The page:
Ramform titan seismic ship

Ramform Titan-class, image: PGS

ABB, the Swiss power and automation technology group, announced today they have won a $26 million order to supply electrical power and propulsion systems for two next generation ‘Ramform’ vessels, capable of 3D seismic data acquisition for deep sea resource exploration.

The ships will be constructed by Mitsubishi Heavy Industries, and delivered in 2015 to Norway’s Petroleum Geo-Services ASA (PGS), a Norwegian company specializing in marine seismic and reservoir data acquisition, processing and analysis/interpretation services.

Mitsubishi Heavy Industries chose ABB as the main supplier of power and propulsion systems and are already building two identical seismic vessels based on the first order from 2011, which will be ready for delivery in the first and fourth quarter of 2013.

“Being selected as the main supplier of power and diesel electric systems for this unique vessel series once again, shows the customer’s faith in our ability to execute complex projects and deliver reliable solutions, that contribute to increased energy efficiency and optimized performance,” said Veli-Matti Reinikkala, head of ABB’s Process Automation division. “ABB has a successful history of helping to efficiently power such highly specialized ships to keep them at the cutting edge of the marine industry.”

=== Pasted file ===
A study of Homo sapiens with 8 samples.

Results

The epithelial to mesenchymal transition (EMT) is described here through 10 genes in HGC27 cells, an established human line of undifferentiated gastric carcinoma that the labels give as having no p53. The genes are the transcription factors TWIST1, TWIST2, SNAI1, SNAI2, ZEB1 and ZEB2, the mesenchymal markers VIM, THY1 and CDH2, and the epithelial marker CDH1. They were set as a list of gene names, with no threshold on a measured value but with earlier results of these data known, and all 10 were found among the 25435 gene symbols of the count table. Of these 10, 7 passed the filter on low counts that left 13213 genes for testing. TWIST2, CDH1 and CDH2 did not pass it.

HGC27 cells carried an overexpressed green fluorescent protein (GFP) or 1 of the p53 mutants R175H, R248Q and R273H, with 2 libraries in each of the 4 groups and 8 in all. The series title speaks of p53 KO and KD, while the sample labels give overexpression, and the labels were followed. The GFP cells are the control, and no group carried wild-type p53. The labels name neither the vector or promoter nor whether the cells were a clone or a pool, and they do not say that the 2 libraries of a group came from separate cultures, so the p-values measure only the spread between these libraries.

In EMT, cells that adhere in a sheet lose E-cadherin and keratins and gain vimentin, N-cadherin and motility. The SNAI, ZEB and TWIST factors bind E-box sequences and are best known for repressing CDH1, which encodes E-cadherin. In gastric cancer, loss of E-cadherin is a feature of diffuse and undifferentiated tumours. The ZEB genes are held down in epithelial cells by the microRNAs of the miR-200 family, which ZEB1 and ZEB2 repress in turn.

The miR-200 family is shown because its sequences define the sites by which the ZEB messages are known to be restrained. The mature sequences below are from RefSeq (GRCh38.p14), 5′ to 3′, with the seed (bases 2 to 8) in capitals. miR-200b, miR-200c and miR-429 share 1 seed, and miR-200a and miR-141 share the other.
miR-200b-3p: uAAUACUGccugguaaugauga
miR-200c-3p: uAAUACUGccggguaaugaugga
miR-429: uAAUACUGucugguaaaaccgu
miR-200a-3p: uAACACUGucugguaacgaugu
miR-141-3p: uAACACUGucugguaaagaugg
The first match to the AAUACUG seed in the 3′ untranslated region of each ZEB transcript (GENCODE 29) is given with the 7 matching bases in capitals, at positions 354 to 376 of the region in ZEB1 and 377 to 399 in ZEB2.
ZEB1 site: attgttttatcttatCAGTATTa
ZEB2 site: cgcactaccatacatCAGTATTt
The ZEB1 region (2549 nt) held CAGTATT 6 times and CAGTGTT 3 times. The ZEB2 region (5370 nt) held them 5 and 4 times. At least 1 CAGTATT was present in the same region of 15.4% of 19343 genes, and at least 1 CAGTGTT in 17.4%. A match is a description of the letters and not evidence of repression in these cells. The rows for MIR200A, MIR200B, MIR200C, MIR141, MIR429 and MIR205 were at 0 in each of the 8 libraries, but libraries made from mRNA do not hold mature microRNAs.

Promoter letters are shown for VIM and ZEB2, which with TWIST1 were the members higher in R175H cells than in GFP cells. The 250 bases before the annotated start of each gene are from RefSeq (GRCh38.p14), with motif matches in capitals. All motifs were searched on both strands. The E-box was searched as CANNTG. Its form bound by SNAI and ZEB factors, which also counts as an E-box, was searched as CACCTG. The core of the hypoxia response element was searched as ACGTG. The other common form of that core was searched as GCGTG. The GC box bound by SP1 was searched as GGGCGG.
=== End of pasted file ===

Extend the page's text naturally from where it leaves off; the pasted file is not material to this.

The ‘Ramform Titan-class’ vessels are the newest generation in the Ramform series, featuring advanced 3D seismic data acquisition/analysis capability. At 104 meters long, the ships will have an exceptionally wide breadth of 70 meters and will feature diesel electric main propulsion for quiet operation.

ABB will supply an advanced complete power and diesel electric system package, consisting of medium voltage switchboards including power management systems, generators, transformers, frequency converters and motors. The systems will provide reliable and fuel efficient propulsion for the ships.

The Ramform Titan-class vessels will employ multiple streamer cables, each several kilometers in length, towed from the vessel’s stern. The cables will contain a vibration sensor (‘hydrophone’) to detect echoes of sound waves emitted from sound sources and bounced back from the sea bottom and stratum boundaries. The echoes are used for 3D seismic analysis, to determine geological composition and natural resource location.